By Annalisa Underwood, Naval History and Heritage Command Communication and Outreach Division
Have you ever wondered what a “field day” isor why “side boys”are named as so? What exactly is a “ropeyarn Sunday?” How did the term “scuttlebutt”come to be used to refer to gossip?
The language of the Navy can be just as interesting as its origins. In the first of this series of blogs and infographics, we’ll explore some of the more common and more peculiar nautical terms and naval expressions of your U.S. Navy.
In the days of sail, distinguished visitors were hoisted aboard the flagship in a boatswain’s chair for conferences, dinners, or ceremonies while at sea. The members of the crew who did the hoisting were called side boys, and it became custom to always have a certain number of men tending the side for this duty. Today, side boys are used in quarterdeck ceremonies when distinguished visitors come aboard the ship or as part of other naval ceremonies such as retirements and changes of command.
In the days of the old Navy, a ropeyarn Sunday was a half-day off to sew and perform personal tasks. Today, it simply refers to a half-holiday.
Field day is a phrase that means a day for cleaning up all parts of the ship, or a day of general cleaning. The term originated in the mid-18th century to refer to a day when military units would stand parade for the public. It is unknown how the term field day went from being a military parade to a day of cleaning the ship—two extremely different meanings!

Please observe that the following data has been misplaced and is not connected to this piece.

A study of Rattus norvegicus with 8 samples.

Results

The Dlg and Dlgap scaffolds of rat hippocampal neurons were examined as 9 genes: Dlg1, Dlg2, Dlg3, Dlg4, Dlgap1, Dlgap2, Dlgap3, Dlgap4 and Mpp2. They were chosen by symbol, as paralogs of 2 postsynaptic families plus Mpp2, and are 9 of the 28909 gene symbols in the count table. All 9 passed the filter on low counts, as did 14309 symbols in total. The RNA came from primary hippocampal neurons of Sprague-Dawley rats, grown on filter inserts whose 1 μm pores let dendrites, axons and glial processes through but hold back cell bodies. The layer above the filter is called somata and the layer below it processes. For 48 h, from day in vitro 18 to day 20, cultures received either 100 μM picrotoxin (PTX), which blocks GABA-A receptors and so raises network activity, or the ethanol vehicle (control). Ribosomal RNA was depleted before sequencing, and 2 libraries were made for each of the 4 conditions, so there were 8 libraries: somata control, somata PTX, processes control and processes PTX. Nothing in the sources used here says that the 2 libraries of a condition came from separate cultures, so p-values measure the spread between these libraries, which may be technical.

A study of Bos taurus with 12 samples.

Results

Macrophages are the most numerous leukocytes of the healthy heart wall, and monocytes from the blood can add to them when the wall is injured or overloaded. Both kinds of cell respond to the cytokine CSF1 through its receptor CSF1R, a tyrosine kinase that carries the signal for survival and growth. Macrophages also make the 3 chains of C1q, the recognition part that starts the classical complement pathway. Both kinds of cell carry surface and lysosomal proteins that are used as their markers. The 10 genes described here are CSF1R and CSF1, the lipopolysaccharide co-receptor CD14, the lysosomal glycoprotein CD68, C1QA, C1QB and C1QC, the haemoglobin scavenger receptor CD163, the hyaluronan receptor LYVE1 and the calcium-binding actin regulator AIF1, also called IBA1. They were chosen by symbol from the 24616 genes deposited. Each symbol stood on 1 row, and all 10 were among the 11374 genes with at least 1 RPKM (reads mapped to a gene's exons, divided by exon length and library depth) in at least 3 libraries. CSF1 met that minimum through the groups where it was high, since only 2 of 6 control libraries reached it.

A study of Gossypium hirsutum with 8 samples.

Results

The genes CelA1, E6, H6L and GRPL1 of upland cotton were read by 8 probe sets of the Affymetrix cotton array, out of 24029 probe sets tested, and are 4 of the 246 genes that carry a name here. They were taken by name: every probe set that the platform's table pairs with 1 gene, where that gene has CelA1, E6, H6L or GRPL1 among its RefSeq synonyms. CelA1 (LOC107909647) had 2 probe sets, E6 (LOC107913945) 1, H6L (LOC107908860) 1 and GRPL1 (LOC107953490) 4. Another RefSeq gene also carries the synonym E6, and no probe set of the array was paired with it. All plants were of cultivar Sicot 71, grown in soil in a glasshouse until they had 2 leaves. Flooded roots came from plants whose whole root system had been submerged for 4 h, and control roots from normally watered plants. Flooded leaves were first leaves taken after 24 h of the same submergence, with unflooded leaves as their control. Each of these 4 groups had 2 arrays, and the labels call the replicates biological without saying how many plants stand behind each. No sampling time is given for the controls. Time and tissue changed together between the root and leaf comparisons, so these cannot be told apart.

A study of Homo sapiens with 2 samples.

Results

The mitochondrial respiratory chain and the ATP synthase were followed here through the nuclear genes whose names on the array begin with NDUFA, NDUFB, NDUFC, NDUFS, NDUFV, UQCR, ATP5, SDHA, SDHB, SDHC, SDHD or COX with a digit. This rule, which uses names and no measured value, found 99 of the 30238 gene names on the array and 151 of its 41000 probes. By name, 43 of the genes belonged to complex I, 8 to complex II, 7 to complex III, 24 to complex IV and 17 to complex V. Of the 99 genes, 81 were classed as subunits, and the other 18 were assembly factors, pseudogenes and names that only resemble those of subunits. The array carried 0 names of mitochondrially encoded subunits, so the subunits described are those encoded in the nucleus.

A butt is a wooden cask which holds water or other liquids and to scuttle means to drill a hole, as for tapping the cask. So, the scuttlebutt was the drinking fountain on the ship and when Sailors gathered around the scuttlebutt they would exchange rumors of the voyage. Thus, the term scuttlebutt is Navy slang for rumors or gossip. And just like during the days of sail, today’s scuttlebutt takes place around the water cooler.
The term boatswain is perhaps one of the most commonly mispronounced nautical terms amongst the general population. Pronounced “boh-suhn,”the term finds its roots in the Saxon word swine meaning, “boy,”according to Royal Connell and William Mack’s book “Naval Customs, Ceremonies, and Traditions.”In the eleventh century, batsmen, as boatswains were called, usually commanded ships (Connell and Mack). Boatswain’s Mate (BM) is the oldest enlisted rate in the U.S. Navy still in existence today, dating back to the American Revolution. With a rich history of honored traditions, BMs are the leaders and backbone of every ship’s crew and are considered the jack-of-all-trades Sailor. Boatswain’s mates do everything from maintain the ship, handle machinery, and operate small boats to supervise various crews, serve as search and rescue swimmers, and act as a mentor to other Sailors.
Find more nautical terms and naval expressions on how the Navy talks on the Naval History and Heritage Command website, and let us know what phrases you’d like to see in our next release.